Rick Leos, from Toyota, and Nathan Sellers from Mitchell covered Toyota's new Predictive Estimating software at the May 28 CAA Glendale/Foothill Chapter meeting.
Leos opened with a video on hydrogen-powered vehicles. He made the startling prediction that by 2025, all vehicles will be hydrogen-powered! The next video showed a massive manure pile and the steps needed to turn it into hydrogen. A combination of steam and heat turns this inexpensive crap into highly profitable energy -- a process cheaper than oil, corn, solar, and electricity combined. Leos also said that these vehicles would be nearly unrepairable! Vehicle manufacturers will develop such complete collision avoidance technology, that the few accidents that do occur will require vehicles to be completely replaced, (effectively eliminating the collision repair industry)!
Although 2025 is a long way off, in November this year, 60,000 hydrogen-powered vehicles will be put on the road. Shops hoping to repair any of these vehicles will have to have x-ray equipment capable of finding cracks in the many carbon fiber panels and parts that will make up much of these vehicles. Leos also predicted the OEMs will seek to put the liability for faulty repairs and subsequent problems squarely onto the repairer, to protect the manufacturer's brand name as the top priority.
With this startling part of the presentation finished, Leos and Sellers turned to Toyota's new Predictive Estimating software, already available on Mitchell's Ultramate and being shipped on all user's next update. The essence of the system is the reversal of current estimating systems where parts to be repaired or replaced must be added line-by-line. With this system all parts are displayed on the estimate and those not affected must be deleted. In the demos presented by Leos and Sellers, most repairs that would run to 10 or 12 lines on a usual estimate would suddenly jump to 16 or 20 lines. Small parts often missed, like clips, are added automatically. Even usual add-ons like color sand and buff or seam sealer are displayed in detail. The estimator can still delete parts on the estimate with no visible asterisk or other mark, but the deletion, change or omission is time stamped in the computer. If an adjuster chooses to delete a line, the time stamp can indicate the deletion if a problem occurs later as a result of that deletion.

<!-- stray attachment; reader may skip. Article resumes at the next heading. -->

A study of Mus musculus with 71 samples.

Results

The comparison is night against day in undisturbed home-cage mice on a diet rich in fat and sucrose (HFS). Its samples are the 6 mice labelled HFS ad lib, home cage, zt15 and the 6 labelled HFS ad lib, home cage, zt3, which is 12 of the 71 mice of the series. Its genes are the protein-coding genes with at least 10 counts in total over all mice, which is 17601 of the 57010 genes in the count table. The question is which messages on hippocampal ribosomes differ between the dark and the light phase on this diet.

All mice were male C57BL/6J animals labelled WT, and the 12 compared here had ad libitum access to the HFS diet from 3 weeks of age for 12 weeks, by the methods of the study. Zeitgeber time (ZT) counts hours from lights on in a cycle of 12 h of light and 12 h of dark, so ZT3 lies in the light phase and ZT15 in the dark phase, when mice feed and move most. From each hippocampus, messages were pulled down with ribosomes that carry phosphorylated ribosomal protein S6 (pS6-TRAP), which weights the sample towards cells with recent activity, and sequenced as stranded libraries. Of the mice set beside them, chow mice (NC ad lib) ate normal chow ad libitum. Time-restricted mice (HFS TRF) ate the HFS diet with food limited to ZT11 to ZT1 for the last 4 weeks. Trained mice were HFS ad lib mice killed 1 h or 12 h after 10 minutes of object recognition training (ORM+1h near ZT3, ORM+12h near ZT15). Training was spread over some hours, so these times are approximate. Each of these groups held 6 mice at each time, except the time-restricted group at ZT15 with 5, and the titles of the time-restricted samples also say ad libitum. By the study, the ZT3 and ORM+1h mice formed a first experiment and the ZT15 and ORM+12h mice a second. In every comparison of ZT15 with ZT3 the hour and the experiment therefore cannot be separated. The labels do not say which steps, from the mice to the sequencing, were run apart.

Ultramate was chosen for the first test run because of insurer DRP relationships. Also the Ultramate could be converted to a CCC or ADP estimate by using Estify. Leos said he was surprised at a meeting with insurers where the new software was well received even though it could be more costly for insurers. The reason most said was the desirability of having a standard base rather than the arbitrary negotiated estimates common today. Perhaps the most stabilizing feature is the instant availability of parts documents and technical and CRIB bulletins. A simple click of a black dot and all of the supporting information jumps up. Documentation to resolve a dispute with an adjuster is readily at hand. Also technicians can be saved from costly errors like one-time-use parts. A few of Leos' examples showed how a tech might miss a one-time-use part if the documentation hadn't been consulted. Leos showed how the system can quickly pay for itself and increase shop profitability.
Most remarkable is the willingness of Toyota to make the templates for the system available to other vehicle manufacturers. All they have to do is plug in their own parts and related documents and the system is ready to go. Certification training is also now much simpler. It is no longer necessary to have a dealer recommendation. Leos also talked about the way scanners are getting better all the time at creating instant estimates. iPad and smartphone scans will soon create an accurate estimate. Like most other aspects of life now, technology is driving the future of collision repair.